This record is my palate cleanser, something to counter a growing feeling in myself and how I perceive my little corner of the ‘contemporary classical’ landscape, which can sometimes feel very serious and a bit humourless. For my own personal rococo statement, I wanted my music to feel fresh and fun again: to make space for moments of wit and charm; use strong colours; to completely shed any self-seriousness and be open to possibilities.
The album has been created using analogue instruments and recording techniques at Visconti Studio in London. I brought in some amazing players: Paul Glover on drums, Ben Dawson on piano, Lara James on sax, Charles Mutter, Patrick Savage and Richard Harwood on strings. I turned my inexperienced hand to tuned percussion (vibes, marimba, glocks and bells), and vocals. Rather than use virtual instruments and samples (like I usually do) this time I played the CP40, MiniMoog, Moog Sub37 and Mellotron.
I can't wait for people to hear it. x
In late October a few friends and I went in to Visconti Studio to make a track and 'learn how to use the new kit'. The timing was good, as the God Is In The TV Zine had recently asked me to contribute to their Scott Walker covers compilation Plastic Palace People. With help from fellow KU music colleague Alex Evans, and my very good friend Andrew Wiggins, we knocked out this version of Duchess in an evening: me on piano, vocals, drums and mellotron, Andy on guitar, percussion and bvs, Alex on Hammond organ, mellotron, percussion and bvs. Fun!
From the 24th August and over 7 days, I was invited along with some other bigo & twigetti artists and special guests to assist in collaboratively writing, arranging, performing, recording, editing and mastering an album from scratch to release. The experiment is complete, and you can stream/download Variables on Bandcamp now.
The album features contributions from Jim Perkins, Tiny Leaves, Lucy Claire, Chris Perren (Nonsemble), Antonymes, Richard Talbot (Marconi Union) & myself. For an experiment in subverting individual process and authorship, I think there are some genuinely lovely moments that have come out of this. It's also received some nice feedback from Stationary Travels and was "approved" by Complete Music Update. Richard Allen at A Closer Listen called it "sublime", commenting further that "the collaborative spirit is alive and well at bigo & twigetti; we congratulate the artists on a beautiful set that seems like it might have taken a year to complete, had we not known otherwise."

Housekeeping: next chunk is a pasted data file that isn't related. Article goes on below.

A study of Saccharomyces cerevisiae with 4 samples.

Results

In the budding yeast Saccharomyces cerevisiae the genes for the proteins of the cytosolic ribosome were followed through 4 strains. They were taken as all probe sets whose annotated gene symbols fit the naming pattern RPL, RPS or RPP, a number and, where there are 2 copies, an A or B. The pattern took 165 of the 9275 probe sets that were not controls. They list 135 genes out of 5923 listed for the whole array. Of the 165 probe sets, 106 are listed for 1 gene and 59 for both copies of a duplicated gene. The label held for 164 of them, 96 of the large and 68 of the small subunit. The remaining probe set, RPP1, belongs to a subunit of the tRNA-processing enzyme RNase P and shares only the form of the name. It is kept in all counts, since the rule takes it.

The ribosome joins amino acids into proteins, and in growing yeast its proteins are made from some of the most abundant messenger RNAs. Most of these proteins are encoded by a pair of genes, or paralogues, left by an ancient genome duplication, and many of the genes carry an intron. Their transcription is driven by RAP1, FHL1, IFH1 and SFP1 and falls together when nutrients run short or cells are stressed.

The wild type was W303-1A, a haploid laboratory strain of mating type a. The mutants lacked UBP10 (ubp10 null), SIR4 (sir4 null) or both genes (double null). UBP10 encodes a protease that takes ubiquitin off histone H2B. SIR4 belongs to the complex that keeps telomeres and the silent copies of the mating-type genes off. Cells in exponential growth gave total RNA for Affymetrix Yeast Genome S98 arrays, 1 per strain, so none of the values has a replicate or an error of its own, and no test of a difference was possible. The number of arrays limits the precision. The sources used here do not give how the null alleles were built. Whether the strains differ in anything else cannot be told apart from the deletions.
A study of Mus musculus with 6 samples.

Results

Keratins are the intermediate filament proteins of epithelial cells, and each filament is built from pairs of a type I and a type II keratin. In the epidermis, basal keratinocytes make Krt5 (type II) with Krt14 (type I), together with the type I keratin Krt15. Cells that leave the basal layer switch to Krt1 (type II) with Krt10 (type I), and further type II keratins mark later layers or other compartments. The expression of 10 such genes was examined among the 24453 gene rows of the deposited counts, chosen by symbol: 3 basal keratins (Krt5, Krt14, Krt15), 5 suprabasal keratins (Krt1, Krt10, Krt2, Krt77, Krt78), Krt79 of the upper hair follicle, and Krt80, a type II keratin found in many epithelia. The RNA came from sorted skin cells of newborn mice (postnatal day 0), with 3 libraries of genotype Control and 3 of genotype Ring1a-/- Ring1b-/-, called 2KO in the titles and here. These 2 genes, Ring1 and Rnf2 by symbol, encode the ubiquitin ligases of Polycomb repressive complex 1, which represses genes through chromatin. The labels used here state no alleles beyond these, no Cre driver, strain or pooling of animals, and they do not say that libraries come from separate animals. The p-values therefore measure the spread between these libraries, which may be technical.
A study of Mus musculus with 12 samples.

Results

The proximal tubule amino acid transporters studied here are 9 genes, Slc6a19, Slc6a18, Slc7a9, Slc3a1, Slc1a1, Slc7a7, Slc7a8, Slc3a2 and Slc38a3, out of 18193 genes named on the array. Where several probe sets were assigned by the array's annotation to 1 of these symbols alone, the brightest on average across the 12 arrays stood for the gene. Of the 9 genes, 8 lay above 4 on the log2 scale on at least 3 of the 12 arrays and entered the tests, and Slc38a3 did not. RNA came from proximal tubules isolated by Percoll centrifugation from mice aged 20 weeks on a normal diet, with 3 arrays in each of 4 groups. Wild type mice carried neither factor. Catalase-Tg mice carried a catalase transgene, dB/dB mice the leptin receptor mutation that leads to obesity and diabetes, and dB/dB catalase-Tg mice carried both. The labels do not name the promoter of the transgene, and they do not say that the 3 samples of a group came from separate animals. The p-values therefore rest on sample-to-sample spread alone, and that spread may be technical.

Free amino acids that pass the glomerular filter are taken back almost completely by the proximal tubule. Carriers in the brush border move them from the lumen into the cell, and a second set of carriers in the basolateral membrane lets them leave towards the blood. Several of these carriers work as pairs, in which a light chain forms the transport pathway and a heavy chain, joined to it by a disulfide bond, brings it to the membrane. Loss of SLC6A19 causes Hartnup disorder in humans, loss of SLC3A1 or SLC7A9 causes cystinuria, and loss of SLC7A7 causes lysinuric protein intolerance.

Some photos from my activities in the week:
Violist Ariane Alexander
A broken harpsichord I found in a store room
Feather Hammer throwbacks
The wonderful graffiti wall out front.
The Dark Side of the Moon console, a.k.a. MUSIC TECH PORN
It should say: "On hearing an alarm, ignore the screams of your burning friends and colleagues. RUN to the second floor corridor and rescue the Sgt Pepper 4 track console. Ride it to safety."
James helps James with those high notes.
I didn't manage to get any photos of Laura in action because I was too busy squealing with excitement at how amazing everything was sounding. She did such an incredible job, it almost pains me to make you wait to hear the results. I did, however, manage to get some photos of the delicious vintage keyboards I borrowed for the weekend. Total keyboard porn.
I got the Rhodes stage 88 and the Wurly EP200 from Matt Snowball backline hire, whose service I can highly recommend. Totally helpful and reliable, and the high quality vintage kit seems to be lovingly maintained. Needless to say, I now need a Wurly in my life; if only to soothe myself to sleep each night with some gentle buttery chords.
A few days prior to these sessions, I was at Kool World studios in Luton with George Hinchcliffe (of 'Ukulele Orchestra of Great Britain' fame), recording material for his new album (which I am producing). He brought along what I can only describe as an abundance of ukuleles:
This little one, in particular, summons up strange maternal instincts within me when I hold it...
We mic'd up the strings and the pedal mechanics (underneath, though you can't see that)... we also set up a mic on the keyboard itself to capture the clacking of my currently unkempt fingernails. Matt was very helpful today, not only in being a roadie but also in holding down strange chord shapes for me while I prepared the strings. We had a little jam session on the lowest E string featuring me playing the 2pence coin and Matt's slap bass action-thumb. Nice!
In other news, Matt has managed to give himself Pharyngitis and I feel the same thing creeping up on me slowly. Just in time for Easter holidays, which is rather crappy indeed!
I’ve decided to spend these next two weeks coughing and moaning about my sore throat, sitting on the couch drinking tea watching my boyfriend finish playing Saints Row II. In the down time maybe I’ll work on a new game-soundtrack-oriented-demo reel. I just joined this wonderful online community called G.A.N.G (game audio network guild) in an effort to learn more about the medium and have found myself very inspired and surprised at the openness, friendliness and supportive nature of the group. I’m used to composers being bitchy, petty, jealous and snippy at each other. Seems these game audio people are just in it for the love. A nice change!